FireChat – the technology for disaster relief?

How often have you been in a crowded place, eager to share information over chat or text about the great concert or sporting event you are witnessing? Or wanting to just tell your friend where to find you? And just when you need it, the network is jammed and you can’t get a byte across the airwaves. Try FireChat!

I came across the FireChat app a year ago and remember thinking that it would be great to have in a cricket stadium or any crowded event. It wasn’t (and still isn’t) that popular in India so it didn’t seem worth the effort to market it myself amongst my peer group. In the meanwhile FireChat has been hugely popular in disaster relief across the world and and at large events like protests and concerts.

The recent and ongoing Chennai rains bring out why we too need to get invested in technology like FireChat that already exists and can be a lifesaver in times of disaster and calamity.

What’s FireChat?

FireChat is a free messaging app that works without an internet connection or cell phone coverage. That’s right. Pioneered by Open Garden in 2013, the technology creates a software-based network, also known as a peer-to-peer wireless mesh network, among participating mobile devices. It does this by using the Bluetooth and Wi-Fi radios inside phones to allow users to connect directly to one another, without relying on a data plan and telecom operator. FireChat can transmit messages and images offline between devices that are within 200 feet of each other. All it needs is a few people using FireChat. This allows it to hop from one device to another and reach the recipient. So the more people use it, the bigger and faster the network becomes, unlike a cellular network which gets “congested”. You can send Public messages – visible to all or Private messages – which travel encrypted till they reach the final recipient. Apple’s iOS multipeer connectivity technology enables something like FireChat.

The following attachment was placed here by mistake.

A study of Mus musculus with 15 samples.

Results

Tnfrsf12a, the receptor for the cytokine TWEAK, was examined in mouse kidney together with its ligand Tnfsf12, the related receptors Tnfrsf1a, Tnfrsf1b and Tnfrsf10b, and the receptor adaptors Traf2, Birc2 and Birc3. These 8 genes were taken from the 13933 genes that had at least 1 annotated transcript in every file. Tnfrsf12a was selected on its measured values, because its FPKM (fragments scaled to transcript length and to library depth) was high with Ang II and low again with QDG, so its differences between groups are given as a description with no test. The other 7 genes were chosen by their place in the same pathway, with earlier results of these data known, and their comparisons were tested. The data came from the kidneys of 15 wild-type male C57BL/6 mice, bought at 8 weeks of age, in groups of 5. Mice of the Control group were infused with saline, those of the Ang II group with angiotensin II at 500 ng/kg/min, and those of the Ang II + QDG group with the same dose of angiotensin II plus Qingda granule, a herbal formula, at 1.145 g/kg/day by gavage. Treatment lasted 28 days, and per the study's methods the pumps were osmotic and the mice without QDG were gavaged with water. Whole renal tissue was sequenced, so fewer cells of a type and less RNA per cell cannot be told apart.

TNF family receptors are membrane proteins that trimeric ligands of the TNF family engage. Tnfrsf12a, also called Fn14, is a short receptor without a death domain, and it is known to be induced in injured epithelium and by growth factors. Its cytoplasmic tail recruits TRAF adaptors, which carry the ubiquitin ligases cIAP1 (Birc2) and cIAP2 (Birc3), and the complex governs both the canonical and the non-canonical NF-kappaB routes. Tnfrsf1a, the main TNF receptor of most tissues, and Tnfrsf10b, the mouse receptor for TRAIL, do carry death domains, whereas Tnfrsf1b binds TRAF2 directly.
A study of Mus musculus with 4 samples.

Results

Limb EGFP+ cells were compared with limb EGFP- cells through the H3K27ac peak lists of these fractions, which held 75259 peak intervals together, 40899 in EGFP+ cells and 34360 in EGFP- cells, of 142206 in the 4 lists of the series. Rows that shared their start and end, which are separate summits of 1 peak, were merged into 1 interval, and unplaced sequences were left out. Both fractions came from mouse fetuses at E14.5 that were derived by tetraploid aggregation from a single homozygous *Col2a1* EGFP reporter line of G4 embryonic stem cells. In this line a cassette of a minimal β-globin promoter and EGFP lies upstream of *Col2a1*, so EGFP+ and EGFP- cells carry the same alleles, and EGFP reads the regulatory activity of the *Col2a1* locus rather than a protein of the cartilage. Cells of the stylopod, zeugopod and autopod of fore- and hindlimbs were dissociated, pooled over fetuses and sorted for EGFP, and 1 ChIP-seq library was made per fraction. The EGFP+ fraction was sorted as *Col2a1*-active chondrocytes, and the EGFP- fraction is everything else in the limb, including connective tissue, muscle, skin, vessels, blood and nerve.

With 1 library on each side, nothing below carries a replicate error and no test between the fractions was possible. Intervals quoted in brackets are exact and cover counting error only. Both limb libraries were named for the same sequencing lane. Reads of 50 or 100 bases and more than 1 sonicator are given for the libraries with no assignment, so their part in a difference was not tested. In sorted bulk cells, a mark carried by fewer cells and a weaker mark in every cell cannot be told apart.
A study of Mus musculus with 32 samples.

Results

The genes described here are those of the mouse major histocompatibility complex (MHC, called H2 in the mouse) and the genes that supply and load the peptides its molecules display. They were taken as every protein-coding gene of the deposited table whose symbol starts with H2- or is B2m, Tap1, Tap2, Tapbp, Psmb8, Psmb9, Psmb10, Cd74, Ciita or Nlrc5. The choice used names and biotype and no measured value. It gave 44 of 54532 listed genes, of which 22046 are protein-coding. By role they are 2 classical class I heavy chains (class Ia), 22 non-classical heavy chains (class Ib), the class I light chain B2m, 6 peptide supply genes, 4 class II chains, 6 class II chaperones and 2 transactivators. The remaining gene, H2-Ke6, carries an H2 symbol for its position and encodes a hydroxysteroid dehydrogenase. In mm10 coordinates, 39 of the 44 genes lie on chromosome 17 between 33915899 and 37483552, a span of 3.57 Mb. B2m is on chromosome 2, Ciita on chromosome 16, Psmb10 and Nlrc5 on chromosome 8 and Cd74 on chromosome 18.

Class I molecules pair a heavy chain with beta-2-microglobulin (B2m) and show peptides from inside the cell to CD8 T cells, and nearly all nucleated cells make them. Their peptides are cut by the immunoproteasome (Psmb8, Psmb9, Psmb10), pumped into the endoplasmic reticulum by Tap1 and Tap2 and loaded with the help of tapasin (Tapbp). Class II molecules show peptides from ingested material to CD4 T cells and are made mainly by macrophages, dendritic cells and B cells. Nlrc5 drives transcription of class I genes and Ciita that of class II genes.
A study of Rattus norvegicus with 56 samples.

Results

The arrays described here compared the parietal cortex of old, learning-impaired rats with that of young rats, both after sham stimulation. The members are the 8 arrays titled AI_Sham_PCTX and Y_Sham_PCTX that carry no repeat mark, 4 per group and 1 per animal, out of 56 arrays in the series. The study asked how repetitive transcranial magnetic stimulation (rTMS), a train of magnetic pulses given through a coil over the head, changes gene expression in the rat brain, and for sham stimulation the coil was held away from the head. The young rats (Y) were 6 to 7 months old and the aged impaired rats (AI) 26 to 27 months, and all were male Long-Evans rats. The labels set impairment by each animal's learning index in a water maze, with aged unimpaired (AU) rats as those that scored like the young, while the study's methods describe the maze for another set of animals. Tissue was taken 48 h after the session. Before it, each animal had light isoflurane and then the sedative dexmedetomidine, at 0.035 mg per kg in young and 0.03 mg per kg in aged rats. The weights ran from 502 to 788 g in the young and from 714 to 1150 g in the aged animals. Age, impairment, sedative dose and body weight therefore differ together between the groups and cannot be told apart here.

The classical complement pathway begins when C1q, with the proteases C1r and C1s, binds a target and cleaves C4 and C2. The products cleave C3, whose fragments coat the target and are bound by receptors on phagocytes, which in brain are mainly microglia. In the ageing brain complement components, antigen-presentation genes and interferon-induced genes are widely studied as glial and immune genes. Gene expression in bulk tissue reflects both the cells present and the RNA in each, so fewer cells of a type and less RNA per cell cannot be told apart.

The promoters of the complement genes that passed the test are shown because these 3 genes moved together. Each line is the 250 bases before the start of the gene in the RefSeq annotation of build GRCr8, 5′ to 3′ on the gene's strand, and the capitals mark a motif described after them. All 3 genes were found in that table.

Quoting Open Garden – “People can use FireChat on an every day basis but also in situations of disaster when networks are destroyed to ask for help, find relatives or to receive updates about preparedness and relief. We know that timely information can save lives, especially if delivered over free networks.”*

Across countries, pro-democracy protesters, disaster relief organizations, leaders and artists are choosing FireChat to stay connected to their fans, friends and communities. It was used extensively during the visit of Pope Francis to Manila and also at Occupy Central in Hong Kong, both in 2014. Some artists have leveraged on this to live chat with their audience during a concert. It’s a great tool even when riding thru underground subways and trains going through areas of limited network.

Perhaps time more of us got familiar with this and started using it even when we have regular networks available.

During emergencies like the Chennai rains or Nepal earthquake, this may be of tremendous help to folks trapped in their homes, allowing them to find help outside and also for relief workers to keep connecting with each other when they are in nearby groups. Recently the Hike app also launched a similar feature making use of Wifi capability of phones.

FireChat by OpenGarden is a free mobile app for iOS and Android.